Can the Great Outdoors Pave the Trail to Healthy Aging?


Superpower Vitamin D Packs a Punch Outdoors

According to the Environmental Protection Agency, people spend approximately 90 percent of their time indoors, a statistic that may be even higher for seniors. That translates to a lot of hours without fresh air, sunshine, or vitamin D. For older adults the lack of outdoor exposure is especially concerning since vitamin D is an essential nutrient with important health implications as you age. Not only does it help prevent serious diseases like cancer, osteoporosis, and the flu; vitamin D strengthens skeletal health, protects against an overactive immune system, improves blood pressure, and promotes better sleep.

Older adults should get between 600 and 800 IUs of vitamin D daily. While supplements and food sources can help achieve those levels, just minutes outdoors several days a week packs a vitamin D punch that’s hard to beat. Sunny days are best–you won’t get the full amount of the nutrient when it’s cloudy outside, says the National Institutes of Health–but you’ll still reap some benefit when the sky is gray. Of course, caution should be taken for older adults with a history of skin cancer or sun damage. Always limit sun exposure to the skin and wear sunscreen year-round to stay safe and healthy outdoors.

Spending Time in Nature Boosts Mental Health for Seniors

With the rates of loneliness and isolation high in older adults, spending time outside is more important than ever for mental health. Research has shown that being outside in nature can help stave off depression in seniors, but it also has the power to calm the mind, increase focus, bolsters cognitive function, and lift the mood. The reason? Studies suggest that nature and green spaces tend to relax the nervous system and reduce stress hormone levels, which have a positive impact on mental health.

Plus, by taking in the beauty of natural surroundings, people enjoy a sensory experience that brings a sense of peace, joy, wonder, and gratitude. It doesn’t matter where you are outside to get benefits either. Being near water, at a park, in the wilderness, or just in your backyard can all enhance mood and mental well-being. And you don’t need to be outside for long. Even five minutes of enjoying the great outdoors make a difference.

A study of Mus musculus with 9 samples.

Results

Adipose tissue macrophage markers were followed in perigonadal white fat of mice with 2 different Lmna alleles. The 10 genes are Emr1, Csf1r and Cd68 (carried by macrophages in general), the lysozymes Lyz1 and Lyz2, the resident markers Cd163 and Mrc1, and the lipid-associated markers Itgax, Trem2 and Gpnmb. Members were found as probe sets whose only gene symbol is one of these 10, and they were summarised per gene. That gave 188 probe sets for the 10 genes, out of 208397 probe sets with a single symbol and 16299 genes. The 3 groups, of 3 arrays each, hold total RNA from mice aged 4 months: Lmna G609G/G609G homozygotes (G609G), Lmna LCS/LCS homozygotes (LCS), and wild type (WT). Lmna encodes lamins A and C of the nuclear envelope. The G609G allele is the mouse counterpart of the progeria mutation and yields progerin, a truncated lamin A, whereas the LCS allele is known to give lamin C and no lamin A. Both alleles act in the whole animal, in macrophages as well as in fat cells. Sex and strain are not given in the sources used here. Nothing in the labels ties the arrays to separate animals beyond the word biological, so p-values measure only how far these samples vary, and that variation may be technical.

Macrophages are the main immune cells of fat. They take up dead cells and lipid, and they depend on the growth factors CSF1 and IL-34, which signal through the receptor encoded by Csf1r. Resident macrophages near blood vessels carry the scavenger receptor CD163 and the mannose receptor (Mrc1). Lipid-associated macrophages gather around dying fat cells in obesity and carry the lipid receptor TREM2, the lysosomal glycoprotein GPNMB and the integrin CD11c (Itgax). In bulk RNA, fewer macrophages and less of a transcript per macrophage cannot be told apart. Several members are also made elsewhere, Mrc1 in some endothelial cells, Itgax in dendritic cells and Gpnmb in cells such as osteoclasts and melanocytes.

Outdoor Activities Make Exercise More Appealing

Getting motivated to exercise isn’t easy for everyone. Older adults in particular have a myriad of excuses for not exercising, from sore muscles and joints to fatigue to a general lack of interest. But being outside and breathing in the fresh, crisp air can quickly boost energy, stamina, and drive. More important, outdoor exercise offers many options that appeal to third agers and inspire them to engage in physical activity.

Walking, biking and swimming are all healthy, invigorating forms of exercise you can do alone or with a pet or human companion. For outdoor fun with a group, consider a game of golf surrounded by flourishing trees and lush greens. Tennis and the newest paddleball sport of pickleball are popular among senior adults as well and can provide hours of outdoor exercise and social entertainment. Looking for something more low-key? How about birdwatching, gardening, or reading a good book on the deck?

There’s plenty to do outside during the cold season, too. Comfortable winter days are ideal for putting on snow boots and walking outdoors on cleared paths and walkways. For a little more adventure, try snowshoeing or cross-country skiing through the woods amid the frost-covered trees. If mobility is an issue, you might browse an outdoor sculpture park, take a horse-drawn carriage ride, or visit an animal farm. Be sure to address safety concerns in cold weather. Dress appropriately, stay hydrated and watch for slick roads and pathways to avoid falls.

The trail to healthy aging is wide open. Do yourself a favor and get outside. The vast fresh air and natural beauty can make all the difference to your body, mind, and future.